The White House spent much of Wednesday trying to put an end to the controversy surrounding President Obama’s referring to Nazi concentration camps as “Polish death camp” during the Medals of Freedom award ceremony. White House spokesman Jay Carney tried to downplay the controversy, saying that it was "a simple misstatement and we regret it…it was Nazi death camps that the President was referring to."

So President Obama chose to ignore the topic during his Jewish American heritage reception remarks.

Instead, he preferred to speak of a major Jewish protest movement in the face of injustice. "This year, we are also commemorating an important anniversary. One hundred-fifty years ago, General Ulysses Grant issued an order –- known as General Orders Number 11 –- that would have expelled Jews “as a class” from what was then known as the military department of the Tennessee," Obama told the crowd.

"What happened next could have only taken place in America,” Obama continued. “Groups of American Jews protested General Grant’s decision. A Jewish merchant from Kentucky traveled to the White House, and met with President Lincoln in person. After their meeting, President Lincoln revoked the order - one more reason why we like President Lincoln. And to General Grant’s credit, he recognized that he had made a serious mistake."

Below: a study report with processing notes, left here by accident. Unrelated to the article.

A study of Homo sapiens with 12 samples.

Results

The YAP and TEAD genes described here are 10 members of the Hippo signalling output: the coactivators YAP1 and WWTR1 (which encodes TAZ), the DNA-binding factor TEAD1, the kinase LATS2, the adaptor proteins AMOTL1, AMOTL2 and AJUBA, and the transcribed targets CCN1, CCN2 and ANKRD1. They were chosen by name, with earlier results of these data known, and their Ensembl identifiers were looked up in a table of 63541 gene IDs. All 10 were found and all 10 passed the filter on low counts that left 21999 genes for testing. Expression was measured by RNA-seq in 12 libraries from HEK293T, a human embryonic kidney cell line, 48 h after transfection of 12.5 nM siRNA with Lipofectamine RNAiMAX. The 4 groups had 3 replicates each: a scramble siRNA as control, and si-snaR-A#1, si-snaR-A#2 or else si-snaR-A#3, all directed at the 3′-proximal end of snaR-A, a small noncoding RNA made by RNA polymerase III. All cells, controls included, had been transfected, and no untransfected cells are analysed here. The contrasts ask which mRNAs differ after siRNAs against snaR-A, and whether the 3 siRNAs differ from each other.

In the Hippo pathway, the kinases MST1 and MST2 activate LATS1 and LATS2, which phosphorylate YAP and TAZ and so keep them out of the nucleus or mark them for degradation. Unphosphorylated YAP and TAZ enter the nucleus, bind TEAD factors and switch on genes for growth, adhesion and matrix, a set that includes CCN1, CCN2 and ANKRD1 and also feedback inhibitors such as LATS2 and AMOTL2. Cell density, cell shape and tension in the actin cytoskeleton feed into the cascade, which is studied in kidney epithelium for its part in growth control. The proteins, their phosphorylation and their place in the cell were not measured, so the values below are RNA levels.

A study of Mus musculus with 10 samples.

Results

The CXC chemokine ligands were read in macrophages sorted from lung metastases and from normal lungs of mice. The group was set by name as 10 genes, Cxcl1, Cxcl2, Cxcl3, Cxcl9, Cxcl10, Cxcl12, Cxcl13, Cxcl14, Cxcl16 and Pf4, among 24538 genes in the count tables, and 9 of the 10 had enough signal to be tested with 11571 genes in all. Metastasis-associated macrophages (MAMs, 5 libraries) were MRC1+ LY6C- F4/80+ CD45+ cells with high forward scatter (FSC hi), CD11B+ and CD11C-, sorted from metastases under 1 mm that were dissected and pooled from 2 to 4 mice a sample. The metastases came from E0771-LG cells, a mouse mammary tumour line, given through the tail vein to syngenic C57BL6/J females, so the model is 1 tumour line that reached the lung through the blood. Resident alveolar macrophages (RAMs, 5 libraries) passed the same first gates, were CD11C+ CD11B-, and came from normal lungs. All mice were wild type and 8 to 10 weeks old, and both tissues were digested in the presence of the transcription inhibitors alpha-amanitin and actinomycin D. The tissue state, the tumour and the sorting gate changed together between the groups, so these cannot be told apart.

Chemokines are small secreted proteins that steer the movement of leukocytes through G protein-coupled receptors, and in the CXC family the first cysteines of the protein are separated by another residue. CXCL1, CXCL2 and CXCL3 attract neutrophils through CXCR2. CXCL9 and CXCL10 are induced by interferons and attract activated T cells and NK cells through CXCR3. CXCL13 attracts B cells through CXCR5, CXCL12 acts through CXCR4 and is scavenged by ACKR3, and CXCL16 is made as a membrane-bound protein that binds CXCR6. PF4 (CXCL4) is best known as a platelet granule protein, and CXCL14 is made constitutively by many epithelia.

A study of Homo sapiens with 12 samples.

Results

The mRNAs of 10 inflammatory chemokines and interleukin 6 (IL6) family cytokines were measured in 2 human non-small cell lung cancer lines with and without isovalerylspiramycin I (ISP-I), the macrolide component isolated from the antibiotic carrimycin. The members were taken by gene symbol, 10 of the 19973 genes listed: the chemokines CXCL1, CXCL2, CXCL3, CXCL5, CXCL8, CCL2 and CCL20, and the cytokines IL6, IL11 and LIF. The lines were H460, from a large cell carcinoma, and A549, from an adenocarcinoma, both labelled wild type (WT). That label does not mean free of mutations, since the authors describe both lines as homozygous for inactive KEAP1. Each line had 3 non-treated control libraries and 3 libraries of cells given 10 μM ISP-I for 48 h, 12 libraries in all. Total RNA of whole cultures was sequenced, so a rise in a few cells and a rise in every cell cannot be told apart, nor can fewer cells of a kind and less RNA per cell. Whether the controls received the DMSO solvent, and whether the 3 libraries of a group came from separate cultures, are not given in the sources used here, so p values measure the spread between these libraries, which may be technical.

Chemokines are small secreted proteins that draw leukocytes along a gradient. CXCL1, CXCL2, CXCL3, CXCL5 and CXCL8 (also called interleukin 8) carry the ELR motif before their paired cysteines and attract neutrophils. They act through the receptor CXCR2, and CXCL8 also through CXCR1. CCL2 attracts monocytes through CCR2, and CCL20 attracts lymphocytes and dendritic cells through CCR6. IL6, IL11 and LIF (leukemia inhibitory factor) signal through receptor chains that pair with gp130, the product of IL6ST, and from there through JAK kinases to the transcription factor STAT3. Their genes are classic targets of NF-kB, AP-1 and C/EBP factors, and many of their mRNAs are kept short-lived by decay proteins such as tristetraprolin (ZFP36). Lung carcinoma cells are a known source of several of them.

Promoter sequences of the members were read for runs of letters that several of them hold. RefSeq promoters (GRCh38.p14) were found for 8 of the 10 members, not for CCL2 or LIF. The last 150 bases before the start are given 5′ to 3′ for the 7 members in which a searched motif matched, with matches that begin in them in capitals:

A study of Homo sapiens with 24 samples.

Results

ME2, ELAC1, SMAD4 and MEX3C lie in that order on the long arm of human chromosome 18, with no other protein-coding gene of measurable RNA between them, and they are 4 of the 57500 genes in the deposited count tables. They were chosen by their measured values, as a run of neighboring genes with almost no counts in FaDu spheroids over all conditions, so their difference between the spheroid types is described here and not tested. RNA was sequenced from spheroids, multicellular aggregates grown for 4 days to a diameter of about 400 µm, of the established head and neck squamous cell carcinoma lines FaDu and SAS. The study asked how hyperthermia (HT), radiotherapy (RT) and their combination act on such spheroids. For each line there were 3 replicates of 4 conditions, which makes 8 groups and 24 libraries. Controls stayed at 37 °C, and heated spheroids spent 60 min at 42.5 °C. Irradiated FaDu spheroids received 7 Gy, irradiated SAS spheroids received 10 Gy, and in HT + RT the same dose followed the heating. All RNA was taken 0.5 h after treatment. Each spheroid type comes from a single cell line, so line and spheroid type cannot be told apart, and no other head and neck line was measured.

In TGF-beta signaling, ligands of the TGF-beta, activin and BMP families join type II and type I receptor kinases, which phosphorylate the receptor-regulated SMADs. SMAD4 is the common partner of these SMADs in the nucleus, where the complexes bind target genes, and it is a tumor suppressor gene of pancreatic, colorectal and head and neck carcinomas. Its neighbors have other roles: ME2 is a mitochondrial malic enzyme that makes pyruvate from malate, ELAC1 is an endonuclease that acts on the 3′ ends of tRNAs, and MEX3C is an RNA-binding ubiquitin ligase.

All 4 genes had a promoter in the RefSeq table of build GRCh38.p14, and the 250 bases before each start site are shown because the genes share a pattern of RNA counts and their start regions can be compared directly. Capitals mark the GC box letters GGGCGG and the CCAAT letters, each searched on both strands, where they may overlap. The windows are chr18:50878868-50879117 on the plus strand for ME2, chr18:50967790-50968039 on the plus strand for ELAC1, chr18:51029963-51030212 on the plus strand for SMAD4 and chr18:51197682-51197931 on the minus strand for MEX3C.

Obama referred to the documents on display for the occasion - two letters of protest from Jewish organizations to President Lincoln, as well as Lincoln’s reply, and a receipt for the donation that President Grant made to the Adas Israel Synagogue in Washington when he attended a service there in 1876.

"Together, these papers tell a fundamentally American story", Obama said. "Like so many groups, Jews have had to fight for their piece of the American dream. But this country holds a special promise: that if we stand up for the traditions we believe in and in the values we share, then our wrongs can be made right; our union can be made more perfect and our world can be repaired."

Similar to his campaign speeches, Obama spoke of rebuilding an America "where everybody gets a fair shot” and “everybody is playing by the same rules."

His words on "unwavering commitment to the State of Israel and its security and the pursuit of a just and lasting peace" were greeted with applause from an audience which included congressmen, administration officials, Jewish community leaders and activists.

"It’s no secret that we’ve got a lot of work to do. But as your traditions teach us, while we are not obligated to finish the work, neither are we free to desist from that work," Obama concluded.